There can’t have been many trumpet players more nervous about their solo at the Albert Hall than the one who opened the performance there last night. His orchestral colleagues surrounding him on stage, a huge cinema screen hanging directly over his head, a full house waiting as the credits began to roll – and then he has to play the eight most famous notes in movie history. He utterly nailed them, five thousand spines tingled, and we were off.
Showing The Godfather with a live musical accompaniment could feel like a gimmick, but actually it’s a wonderful way of refreshing a classic. We all know the film backwards, right down to its tiny imperfections: James Caan’s punch, for instance, several inches of daylight visible between his fist and the victim’s chin. We know that the baby being christened at the end is Sofia Coppola, that the horse’s head in the bed is real (the producers got it from a dog food factory) ... we know this movie like Clemenza knows cannoli. But watching it with a live orchestra shifts your perspective slightly, makes everything feel new.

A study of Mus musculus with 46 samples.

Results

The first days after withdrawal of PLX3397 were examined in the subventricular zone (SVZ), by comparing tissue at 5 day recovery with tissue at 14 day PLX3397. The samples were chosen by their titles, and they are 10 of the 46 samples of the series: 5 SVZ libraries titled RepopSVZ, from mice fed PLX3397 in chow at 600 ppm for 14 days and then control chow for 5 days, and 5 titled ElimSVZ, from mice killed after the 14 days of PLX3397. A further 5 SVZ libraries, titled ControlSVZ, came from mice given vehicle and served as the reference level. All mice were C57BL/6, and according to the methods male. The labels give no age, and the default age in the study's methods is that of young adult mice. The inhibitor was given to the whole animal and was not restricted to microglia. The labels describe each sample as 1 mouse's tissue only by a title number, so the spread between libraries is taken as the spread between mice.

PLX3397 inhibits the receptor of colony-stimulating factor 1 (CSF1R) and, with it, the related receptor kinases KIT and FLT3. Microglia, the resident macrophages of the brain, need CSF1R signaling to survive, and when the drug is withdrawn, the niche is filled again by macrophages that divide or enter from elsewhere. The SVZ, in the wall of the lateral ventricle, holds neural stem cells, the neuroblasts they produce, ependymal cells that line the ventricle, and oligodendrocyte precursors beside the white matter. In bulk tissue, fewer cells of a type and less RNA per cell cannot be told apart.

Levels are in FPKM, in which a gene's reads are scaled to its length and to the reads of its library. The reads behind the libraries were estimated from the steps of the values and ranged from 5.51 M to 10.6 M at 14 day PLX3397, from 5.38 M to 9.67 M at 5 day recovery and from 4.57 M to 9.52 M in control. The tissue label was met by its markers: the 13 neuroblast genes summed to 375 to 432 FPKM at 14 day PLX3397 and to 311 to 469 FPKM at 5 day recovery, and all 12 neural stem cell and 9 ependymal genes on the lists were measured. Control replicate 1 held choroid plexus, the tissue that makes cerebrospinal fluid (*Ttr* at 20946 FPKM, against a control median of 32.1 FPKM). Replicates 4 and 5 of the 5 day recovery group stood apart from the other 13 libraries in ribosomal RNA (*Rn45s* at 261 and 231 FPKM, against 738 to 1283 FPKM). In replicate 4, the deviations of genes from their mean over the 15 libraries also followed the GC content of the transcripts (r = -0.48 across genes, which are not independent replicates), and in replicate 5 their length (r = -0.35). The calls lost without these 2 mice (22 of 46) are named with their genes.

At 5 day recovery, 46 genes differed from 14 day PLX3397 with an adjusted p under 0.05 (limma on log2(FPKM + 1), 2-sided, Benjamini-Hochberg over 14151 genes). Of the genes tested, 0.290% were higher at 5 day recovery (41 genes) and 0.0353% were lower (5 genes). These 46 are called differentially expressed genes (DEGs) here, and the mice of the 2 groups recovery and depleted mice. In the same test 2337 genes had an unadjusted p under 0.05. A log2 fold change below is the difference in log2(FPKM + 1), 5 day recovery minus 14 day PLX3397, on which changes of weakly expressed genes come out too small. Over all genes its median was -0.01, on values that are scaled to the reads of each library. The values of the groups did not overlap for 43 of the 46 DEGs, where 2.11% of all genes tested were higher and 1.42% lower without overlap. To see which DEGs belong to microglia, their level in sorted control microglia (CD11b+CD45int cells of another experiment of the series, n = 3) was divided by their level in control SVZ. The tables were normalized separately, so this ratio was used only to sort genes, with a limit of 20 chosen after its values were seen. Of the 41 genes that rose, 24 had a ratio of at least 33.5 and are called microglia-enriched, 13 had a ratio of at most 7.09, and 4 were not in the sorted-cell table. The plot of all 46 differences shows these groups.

For a start you’re reminded just how great Nino Rota’s score is in its own right. For prolonged stretches I watched the musicians rather than the screen, reflecting that I’d happily pay to see them even without the movie overhead. The conventional classical line-up is augmented by mandolin, guitar and accordion for the trademark rendition of the main theme. The live music even extends to the bands at the two weddings, Connie’s in America and Michael’s in Sicily. The latter are comically out of tune, something faithfully reproduced by the horn players on stage. And as Les Dawson could have told you, a musician needs serious chops to be capable of that.
Some of the time, though, you found yourself forgetting that the orchestra were there, so seamlessly did they meld with what was happening on screen. The moment where a nurse interrupts Michael as he stands over his father’s hospital bed made everyone jump: it was only then that you realised how skilfully conductor Justin Freer had been marshalling his performers and heightening the tension. Venue and film were a perfect match, too, the plush red of the hall complementing the 1940s action. I almost expected to see Al Pacino and Robert Duvall walk in wearing period tuxedos. I certainly wouldn’t have argued if either had wanted my seat.
The company behind the idea, CineConcerts, also perform Titanic and Gladiator in the same way. How much you’ll enjoy those occasions depends, of course, on how much you like the films in question. But assuming you’re a fan of The Godfather, if this show comes round again and a friend gets tickets, it’ll be one offer you certainly shouldn’t refuse.